A friend recently said to me, “I just hate it when someone I don’t know calls me ‘dear’! It feels so demeaning.” A salesperson had addressed her with a sweet term that is so often reserved for those of a certain age.
At a time when we are more acutely aware of the importance of showing respect for others regardless of gender or race, it seems only appropriate to have a conversation about the role of language and aging, too.
Why does it matter? It matters because the words we use convey who we are and how we see others. And like it or not, we are all guilty of looking at others through a lens of “otherness,” whether defined by age, occupation, or belief system. Respectful language implies that we all are worthy of the same consideration.
So, what words push your hot button? Is it sexist or ageist (or both) to address anyone—no matter what age—as “honey,” “sweetie,” or “dear”?
When asked what bugs them about getting older, some of my workshop participants inevitably report experiencing ageist language. Writer Sally Abrahms suggests that “elderspeak,” the use of intimate endearments by strangers or otherwise addressing older people in a patronizing way, is one form of negative age stereotyping.
In an era when we are beginning to be more comfortable about our own aging journey—taking charge of whether to retire or not and making transitional life choices—it can be disheartening to find that others continue defining us in a way we consider disrespectful.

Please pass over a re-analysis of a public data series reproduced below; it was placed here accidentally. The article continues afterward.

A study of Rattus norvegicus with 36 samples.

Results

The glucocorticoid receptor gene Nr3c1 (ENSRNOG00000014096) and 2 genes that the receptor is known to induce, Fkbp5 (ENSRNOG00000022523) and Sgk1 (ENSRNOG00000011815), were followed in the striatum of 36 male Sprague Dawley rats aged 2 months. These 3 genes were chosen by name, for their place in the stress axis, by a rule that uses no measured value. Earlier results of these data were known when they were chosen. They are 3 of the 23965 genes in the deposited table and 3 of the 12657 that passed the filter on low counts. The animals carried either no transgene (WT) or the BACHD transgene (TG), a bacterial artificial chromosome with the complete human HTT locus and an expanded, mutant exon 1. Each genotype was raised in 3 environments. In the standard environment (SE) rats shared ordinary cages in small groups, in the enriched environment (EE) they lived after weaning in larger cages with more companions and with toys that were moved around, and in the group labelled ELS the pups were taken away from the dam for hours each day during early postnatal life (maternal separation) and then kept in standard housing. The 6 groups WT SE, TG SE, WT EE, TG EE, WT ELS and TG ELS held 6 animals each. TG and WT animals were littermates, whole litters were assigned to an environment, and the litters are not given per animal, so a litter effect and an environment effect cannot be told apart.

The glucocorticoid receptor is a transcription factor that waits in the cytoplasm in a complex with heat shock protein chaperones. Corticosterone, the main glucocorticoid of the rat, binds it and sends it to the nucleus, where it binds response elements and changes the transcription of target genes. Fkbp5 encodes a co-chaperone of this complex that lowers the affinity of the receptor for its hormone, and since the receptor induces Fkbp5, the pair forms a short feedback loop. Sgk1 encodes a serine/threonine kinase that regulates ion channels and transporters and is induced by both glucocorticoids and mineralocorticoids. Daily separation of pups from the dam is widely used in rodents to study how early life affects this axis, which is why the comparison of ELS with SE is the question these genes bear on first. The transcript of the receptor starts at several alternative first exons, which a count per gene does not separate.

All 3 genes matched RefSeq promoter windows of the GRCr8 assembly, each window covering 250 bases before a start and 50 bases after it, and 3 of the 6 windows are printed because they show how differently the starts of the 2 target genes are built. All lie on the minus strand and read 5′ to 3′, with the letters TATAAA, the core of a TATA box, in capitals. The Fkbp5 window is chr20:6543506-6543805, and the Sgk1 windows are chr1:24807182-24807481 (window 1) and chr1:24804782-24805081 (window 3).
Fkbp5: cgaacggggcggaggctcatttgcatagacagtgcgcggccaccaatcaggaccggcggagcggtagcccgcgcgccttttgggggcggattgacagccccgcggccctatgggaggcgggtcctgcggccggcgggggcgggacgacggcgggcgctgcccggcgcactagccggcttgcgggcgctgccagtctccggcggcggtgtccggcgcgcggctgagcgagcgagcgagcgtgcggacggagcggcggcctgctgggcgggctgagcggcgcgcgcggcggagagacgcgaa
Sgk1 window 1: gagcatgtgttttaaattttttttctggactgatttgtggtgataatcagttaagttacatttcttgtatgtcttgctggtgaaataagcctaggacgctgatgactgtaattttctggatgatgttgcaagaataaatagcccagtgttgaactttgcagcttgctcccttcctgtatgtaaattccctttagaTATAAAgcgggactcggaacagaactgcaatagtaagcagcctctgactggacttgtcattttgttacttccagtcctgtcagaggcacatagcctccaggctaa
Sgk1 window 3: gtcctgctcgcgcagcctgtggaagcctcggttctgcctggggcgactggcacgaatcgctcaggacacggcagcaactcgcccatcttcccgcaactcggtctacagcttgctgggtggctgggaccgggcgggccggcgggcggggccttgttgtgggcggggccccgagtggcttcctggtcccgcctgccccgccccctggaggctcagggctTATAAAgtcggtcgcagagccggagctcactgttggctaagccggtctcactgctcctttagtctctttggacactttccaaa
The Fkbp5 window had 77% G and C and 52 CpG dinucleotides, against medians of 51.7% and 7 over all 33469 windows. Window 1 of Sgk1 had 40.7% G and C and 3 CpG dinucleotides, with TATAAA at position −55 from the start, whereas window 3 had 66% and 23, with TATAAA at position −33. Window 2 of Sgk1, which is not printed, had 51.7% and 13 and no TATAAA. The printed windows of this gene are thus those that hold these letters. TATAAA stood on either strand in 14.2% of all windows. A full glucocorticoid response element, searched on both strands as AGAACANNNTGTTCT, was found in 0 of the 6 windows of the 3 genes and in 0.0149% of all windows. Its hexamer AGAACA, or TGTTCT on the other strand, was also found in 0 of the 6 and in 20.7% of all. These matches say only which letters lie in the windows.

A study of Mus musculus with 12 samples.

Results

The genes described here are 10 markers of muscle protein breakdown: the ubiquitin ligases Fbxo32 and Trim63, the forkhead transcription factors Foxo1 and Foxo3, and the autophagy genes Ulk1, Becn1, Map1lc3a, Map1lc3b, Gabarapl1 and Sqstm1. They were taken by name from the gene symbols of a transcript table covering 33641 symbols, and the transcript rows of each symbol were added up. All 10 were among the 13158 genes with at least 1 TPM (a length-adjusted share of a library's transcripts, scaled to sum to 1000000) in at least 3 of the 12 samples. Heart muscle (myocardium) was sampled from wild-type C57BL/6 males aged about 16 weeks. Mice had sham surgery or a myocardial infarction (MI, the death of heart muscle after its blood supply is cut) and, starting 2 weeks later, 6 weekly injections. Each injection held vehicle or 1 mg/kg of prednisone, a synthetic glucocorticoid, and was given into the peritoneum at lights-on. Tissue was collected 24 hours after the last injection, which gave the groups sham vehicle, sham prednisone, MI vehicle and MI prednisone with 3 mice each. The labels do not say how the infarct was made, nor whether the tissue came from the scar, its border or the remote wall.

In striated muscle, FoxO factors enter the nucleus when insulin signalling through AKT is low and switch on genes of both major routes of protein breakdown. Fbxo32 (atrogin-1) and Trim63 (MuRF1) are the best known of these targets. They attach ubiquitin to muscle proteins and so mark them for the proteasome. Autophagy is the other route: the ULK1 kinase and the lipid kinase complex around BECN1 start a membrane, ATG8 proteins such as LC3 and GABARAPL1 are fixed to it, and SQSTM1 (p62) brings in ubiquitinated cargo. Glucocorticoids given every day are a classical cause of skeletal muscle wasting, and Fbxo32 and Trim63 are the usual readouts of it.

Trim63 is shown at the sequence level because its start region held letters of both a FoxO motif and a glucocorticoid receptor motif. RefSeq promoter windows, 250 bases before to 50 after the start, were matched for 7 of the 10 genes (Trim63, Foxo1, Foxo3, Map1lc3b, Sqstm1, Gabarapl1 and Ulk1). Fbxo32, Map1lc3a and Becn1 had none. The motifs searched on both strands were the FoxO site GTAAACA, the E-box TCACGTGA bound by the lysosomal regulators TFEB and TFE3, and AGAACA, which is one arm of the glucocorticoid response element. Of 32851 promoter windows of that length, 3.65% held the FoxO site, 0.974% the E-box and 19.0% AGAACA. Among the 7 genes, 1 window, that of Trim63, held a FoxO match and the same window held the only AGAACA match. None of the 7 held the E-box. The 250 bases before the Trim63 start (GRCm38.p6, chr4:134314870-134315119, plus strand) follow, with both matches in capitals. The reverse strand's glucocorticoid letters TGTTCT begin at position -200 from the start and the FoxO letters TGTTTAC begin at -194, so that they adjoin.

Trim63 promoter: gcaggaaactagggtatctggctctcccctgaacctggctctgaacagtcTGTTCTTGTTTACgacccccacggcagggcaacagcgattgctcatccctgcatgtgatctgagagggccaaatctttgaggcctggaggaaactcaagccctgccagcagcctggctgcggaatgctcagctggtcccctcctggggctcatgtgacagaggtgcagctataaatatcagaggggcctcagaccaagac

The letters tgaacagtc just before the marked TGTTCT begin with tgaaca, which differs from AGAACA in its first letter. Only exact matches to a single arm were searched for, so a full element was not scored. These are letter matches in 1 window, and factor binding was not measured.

On the flip side, we define others by our own choice of words and attitudes. If it bothers me to be called “dear” because I somehow feel that means being more vulnerable or frail, I wonder how a 30-year-old feels about being addressed as “honey”? Does it suggest a lack of ability?
Of course, it’s not only the use of specific words that bug us, but the attitude they convey. Many of us cringe if asked, “Do you still…?” Implicit in such a question is the assumption that if one is not still working, living in the same house, or driving, we are “less than” our younger counterparts. Perhaps it is equally troubling to ask a younger person whether they “still” single or living with their parents. A better question for people of all ages is, “What interests you these days?”
We own the words we use. Let’s have a dialogue about respectful language and commit to taking action. Refrain from using demeaning or patronizing language. Help others understand our sensitivity to certain language. Think about how our own words affect others. And finally, be willing to provide feedback, even to our friends, when there is a lack of respect.
Linda Henry writes regularly on topics related to aging, health care, and communication and is the co-author of several books, including Transformational Eldercare from the Inside Out: Strengths-Based Strategies for Caring. She conducts workshops nationally on aging and creating caring work environments. Her volunteer emphasis is age-friendly communities.